Facebook profiles could expose you to card fraudWhich? research finds millions may be at risk

23 October 2014

Close-up of credit card being handed over

Millions of social media users may be vulnerable to identity theft, according to a new Which? investigation.

Our researchers successfully applied for a credit card in the name of a volunteer, using details from their Facebook profile cross-checked with other publicly available information, such as phone directories.

Which? believes many other social media users unknowingly expose details that are useful to identity thieves.

Are you at risk? - Take our interactive quiz to find out what you can do to protect yourself from identity predators

Applying for a credit card without bank details

We identified three card providers - Capital One, Nationwide and Santander - which do not ask for a bank account number in credit card applications.

When our researchers completed an online Capital One credit card application form using only information they found or guessed, they were shocked to find the application was approved.

Credit and debit card identity fraud is rising. After declining in 2011, annual losses climbed back up to £41.9 million last year. Which? is calling for card providers to review their application processes and ensure they're robust.



Although the credit card in our investigation was safely delivered into the hands of the volunteer at their home address, real identity thieves routinely intercept a card before it reaches its intended recipient.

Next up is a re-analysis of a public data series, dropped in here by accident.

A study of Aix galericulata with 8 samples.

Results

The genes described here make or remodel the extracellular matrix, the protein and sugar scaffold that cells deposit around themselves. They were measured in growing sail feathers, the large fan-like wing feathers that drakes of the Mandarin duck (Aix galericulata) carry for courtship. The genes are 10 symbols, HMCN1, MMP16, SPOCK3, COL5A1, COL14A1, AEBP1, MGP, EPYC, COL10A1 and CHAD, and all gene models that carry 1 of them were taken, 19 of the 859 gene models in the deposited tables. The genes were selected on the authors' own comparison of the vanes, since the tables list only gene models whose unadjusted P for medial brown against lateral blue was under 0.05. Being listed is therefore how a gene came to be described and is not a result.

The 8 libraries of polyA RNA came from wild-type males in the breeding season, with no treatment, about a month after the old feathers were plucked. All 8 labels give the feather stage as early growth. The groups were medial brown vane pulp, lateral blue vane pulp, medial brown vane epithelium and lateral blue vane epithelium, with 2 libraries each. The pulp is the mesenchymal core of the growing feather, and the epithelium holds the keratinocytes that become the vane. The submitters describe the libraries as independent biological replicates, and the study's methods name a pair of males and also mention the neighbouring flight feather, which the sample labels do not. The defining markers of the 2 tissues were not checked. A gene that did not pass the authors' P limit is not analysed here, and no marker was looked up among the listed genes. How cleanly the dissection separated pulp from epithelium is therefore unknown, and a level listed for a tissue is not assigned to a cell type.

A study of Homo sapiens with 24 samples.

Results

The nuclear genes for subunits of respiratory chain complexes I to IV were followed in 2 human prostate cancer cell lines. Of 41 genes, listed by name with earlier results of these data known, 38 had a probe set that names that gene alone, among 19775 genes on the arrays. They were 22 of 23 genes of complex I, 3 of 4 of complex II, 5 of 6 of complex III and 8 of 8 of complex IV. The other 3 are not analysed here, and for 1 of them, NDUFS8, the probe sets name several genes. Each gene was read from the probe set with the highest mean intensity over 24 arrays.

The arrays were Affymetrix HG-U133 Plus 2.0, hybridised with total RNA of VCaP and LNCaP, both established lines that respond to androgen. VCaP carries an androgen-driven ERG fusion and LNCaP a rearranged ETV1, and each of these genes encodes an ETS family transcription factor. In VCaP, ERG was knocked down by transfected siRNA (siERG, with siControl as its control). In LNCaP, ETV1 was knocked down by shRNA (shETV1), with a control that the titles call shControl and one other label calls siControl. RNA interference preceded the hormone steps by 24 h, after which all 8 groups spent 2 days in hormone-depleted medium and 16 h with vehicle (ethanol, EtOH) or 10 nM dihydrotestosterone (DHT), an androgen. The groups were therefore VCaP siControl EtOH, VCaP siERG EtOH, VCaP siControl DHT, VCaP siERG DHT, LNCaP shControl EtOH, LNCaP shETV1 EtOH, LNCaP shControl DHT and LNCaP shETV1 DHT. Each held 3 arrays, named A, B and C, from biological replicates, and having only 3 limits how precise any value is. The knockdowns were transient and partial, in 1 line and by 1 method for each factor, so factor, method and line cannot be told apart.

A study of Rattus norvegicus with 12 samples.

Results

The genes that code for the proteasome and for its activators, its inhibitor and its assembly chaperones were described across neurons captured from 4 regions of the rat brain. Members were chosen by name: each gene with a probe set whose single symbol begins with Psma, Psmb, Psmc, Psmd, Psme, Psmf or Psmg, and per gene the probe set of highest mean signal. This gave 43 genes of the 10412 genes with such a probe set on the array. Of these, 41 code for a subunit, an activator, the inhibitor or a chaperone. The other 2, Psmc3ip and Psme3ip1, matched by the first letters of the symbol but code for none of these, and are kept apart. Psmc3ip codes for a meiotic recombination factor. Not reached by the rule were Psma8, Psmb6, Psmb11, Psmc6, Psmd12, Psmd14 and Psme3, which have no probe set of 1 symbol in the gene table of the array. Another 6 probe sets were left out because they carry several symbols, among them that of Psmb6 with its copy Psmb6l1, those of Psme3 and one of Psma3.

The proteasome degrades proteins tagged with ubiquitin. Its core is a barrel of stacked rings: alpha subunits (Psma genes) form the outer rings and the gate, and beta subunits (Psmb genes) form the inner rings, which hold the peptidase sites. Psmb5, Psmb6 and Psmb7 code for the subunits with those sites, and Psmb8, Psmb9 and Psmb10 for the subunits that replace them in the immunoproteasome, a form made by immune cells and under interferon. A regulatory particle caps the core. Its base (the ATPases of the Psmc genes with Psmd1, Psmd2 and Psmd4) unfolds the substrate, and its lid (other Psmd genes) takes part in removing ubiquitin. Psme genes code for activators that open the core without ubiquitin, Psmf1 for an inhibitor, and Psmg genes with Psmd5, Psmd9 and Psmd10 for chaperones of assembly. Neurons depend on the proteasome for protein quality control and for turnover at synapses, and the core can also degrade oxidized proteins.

Cifas, the UK's card fraud prevention service, said so-called ‘current address fraud’ accounted for 75% of identity frauds recorded between January and August of this year.

Fraudsters may target victims who live in blocks of flats where post can be retrieved from a communal area, or apply for a credit card while the victim is on holiday, making it easier to surreptitiously retrieve the card.

In our investigation, many of our volunteers had mentioned birthdays and other personal details on their social media profiles. A real fraudster might go on to use this data to compose a targeted 'phishing' email to try to glean further information. 

Find out more: How to spot a phishing email - our guide reveals the tell-tale signs 

Credit card companies respond

The three card companies we identified told us they take credit card fraud and online security very seriously and each has various sophisticated measures and checks to prevent fraudulent applications and to verify each applicant's identity.

Capital One told us that it leads the industry both in preventing fraud and in assisting the victims of fraud. A spokesman said that it advises customers to protect their data and to restrict access to their profiles on social media sites.

Members can read the full investigation in this month's edition of Which? magazine.